Launcher is a launcher device with a spring mechanism the speed was the same for both releases, the question is because an angle of 90 with that speed is greater than the average of all other angles? –  Mauricio Apr 23 '13 at 19:41
    
Height or total time should both be fine, although determining height precisely is probably easier than timing (unless you have some sophisticated apparatus). How did you measure time? –  Glen The Udderboat Apr 23 '13 at 19:48
    
with a chronometer ... –  Mauricio Apr 23 '13 at 19:53
    
I that case, it might be that you started the chronometer a little too soon, or stopped it a little too late? Could that be? If you have the formula for the $90^\circ$ launch, you could work out by how much imprecision there may be in the timing. –  Glen The Udderboat Apr 23 '13 at 19:59

2 Answers 2

I can think of two or three things.

  1. The whole experiment can be divided into two parts. In one part you calculate the initial speed by measuring distance. In the other part you calculate speed by measuring time. Assuming that your calculations are correct, that would suggest that there might be a difference in the accuracy of measuring distance and measuring time. Assuming that distance is more accurate than time, you can actually work out what the time should have been. You do this by plugging $3.025~\text{m/s}$ into the formula for the $90^\circ$ launch. This will give you the time you would have expected. Compare that to the actual time, by taking the difference, and see if that would be reasonable. (Google for "human reaction time", and see how it compares.)

  2. Since the time for $90^\circ$ is somewhat longer than expected, you must make sure that you didn't start your chronometer too soon. I haven't seen this experiment, and don't know if it makes a difference, but the chronometer should not be started at the moment of release of the spring (by the hand), but rather a bit later, at the moment of release of the ball (by the spring).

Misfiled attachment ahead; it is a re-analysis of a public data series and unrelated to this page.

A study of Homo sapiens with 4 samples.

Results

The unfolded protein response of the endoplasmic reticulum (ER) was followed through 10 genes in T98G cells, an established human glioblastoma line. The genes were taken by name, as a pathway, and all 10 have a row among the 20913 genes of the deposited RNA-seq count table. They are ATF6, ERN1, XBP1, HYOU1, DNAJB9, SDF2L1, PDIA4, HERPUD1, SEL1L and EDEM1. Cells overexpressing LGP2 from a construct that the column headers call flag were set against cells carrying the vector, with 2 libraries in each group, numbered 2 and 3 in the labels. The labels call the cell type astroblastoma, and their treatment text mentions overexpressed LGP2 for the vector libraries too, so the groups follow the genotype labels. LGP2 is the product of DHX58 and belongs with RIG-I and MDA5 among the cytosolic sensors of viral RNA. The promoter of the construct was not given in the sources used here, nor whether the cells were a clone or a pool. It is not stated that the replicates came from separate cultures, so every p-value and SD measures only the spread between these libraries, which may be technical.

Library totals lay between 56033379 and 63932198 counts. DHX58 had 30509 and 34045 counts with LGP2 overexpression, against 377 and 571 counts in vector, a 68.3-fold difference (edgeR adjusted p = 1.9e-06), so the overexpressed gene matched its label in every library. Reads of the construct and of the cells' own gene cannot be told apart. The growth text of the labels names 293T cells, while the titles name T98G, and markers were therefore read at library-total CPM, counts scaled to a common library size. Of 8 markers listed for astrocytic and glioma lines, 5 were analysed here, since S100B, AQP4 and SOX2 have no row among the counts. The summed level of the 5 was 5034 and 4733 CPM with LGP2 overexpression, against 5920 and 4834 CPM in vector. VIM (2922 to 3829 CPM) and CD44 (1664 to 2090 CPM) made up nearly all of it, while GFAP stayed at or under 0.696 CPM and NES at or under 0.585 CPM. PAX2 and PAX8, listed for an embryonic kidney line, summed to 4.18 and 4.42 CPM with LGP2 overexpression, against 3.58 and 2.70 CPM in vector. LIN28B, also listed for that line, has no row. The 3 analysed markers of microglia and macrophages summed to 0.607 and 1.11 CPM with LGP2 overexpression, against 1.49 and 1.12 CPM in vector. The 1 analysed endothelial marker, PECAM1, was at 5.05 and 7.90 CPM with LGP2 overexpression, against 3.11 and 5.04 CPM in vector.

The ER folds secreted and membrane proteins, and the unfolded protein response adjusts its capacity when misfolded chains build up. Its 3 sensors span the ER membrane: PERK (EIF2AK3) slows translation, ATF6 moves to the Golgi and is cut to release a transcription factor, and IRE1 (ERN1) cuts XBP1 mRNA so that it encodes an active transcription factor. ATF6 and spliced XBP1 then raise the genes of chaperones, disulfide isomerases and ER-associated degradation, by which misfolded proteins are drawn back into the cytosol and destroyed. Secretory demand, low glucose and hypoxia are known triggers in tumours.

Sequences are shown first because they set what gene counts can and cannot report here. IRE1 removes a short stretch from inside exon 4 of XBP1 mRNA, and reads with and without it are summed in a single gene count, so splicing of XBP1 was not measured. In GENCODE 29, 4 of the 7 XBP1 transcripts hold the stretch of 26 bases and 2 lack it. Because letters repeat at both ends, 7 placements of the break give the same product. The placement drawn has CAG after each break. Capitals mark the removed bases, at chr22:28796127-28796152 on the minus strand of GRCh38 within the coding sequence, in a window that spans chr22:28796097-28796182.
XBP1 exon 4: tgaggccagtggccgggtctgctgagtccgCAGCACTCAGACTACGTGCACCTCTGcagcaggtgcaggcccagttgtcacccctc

3. I assume that the release point of the ball is on the same height as the landing plane. If your spring is sitting on top of the landing plane, then the release point will be slightly higher than the plane. In that case, all your formulas would need to be modified to include that difference.

PS: It is a bit awkward to respond since I can't see the experimental set-up in a diagram. If you have a link to a precise picture, that would be great.


Why are these speeds almost the same?

If you are asking why they are almost the same, and not completely different, then the answer is that you expect them to be the same because they are caused by the same launch mechanism. But I don't think you are asking that.

I think you are asking why they are almost the same and not exactly the same. The answer is that you can't see that they are different until you take the uncertainties into account. You don't report the uncertainties, but my guess is that the uncertainty for the second part is much larger than the uncertainty for the first part. And my guess is that the two numbers are within the uncertainties of your experiment.

I agree with Gugg that you should check to see what time you should have in the second part. I solved for the intial speed in terms of the measured time for that part of the experiment, and I got that an error of $0.1 \mathrm{s}$ in the time will produce an error of $9.8 \mathrm{m/s}$ in the speed. So the difference you see in the speeds suggests that you are over-estimating the time by about $0.03 \mathrm{s}$ in that second part. That is actually smaller than normal human reaction time, so I would guess that your two values are well within the uncertainty you have in the experiment.

If you still have the apparatus, you might try repeating one of the angles from the first set of experiments, and measure both the time and the range. You could then compare the speed you get from those measurements to see how well they agree. In this case, you know for certain that the speed is the same (because it's the same launch), so any disagreement is due to the measurements themselves.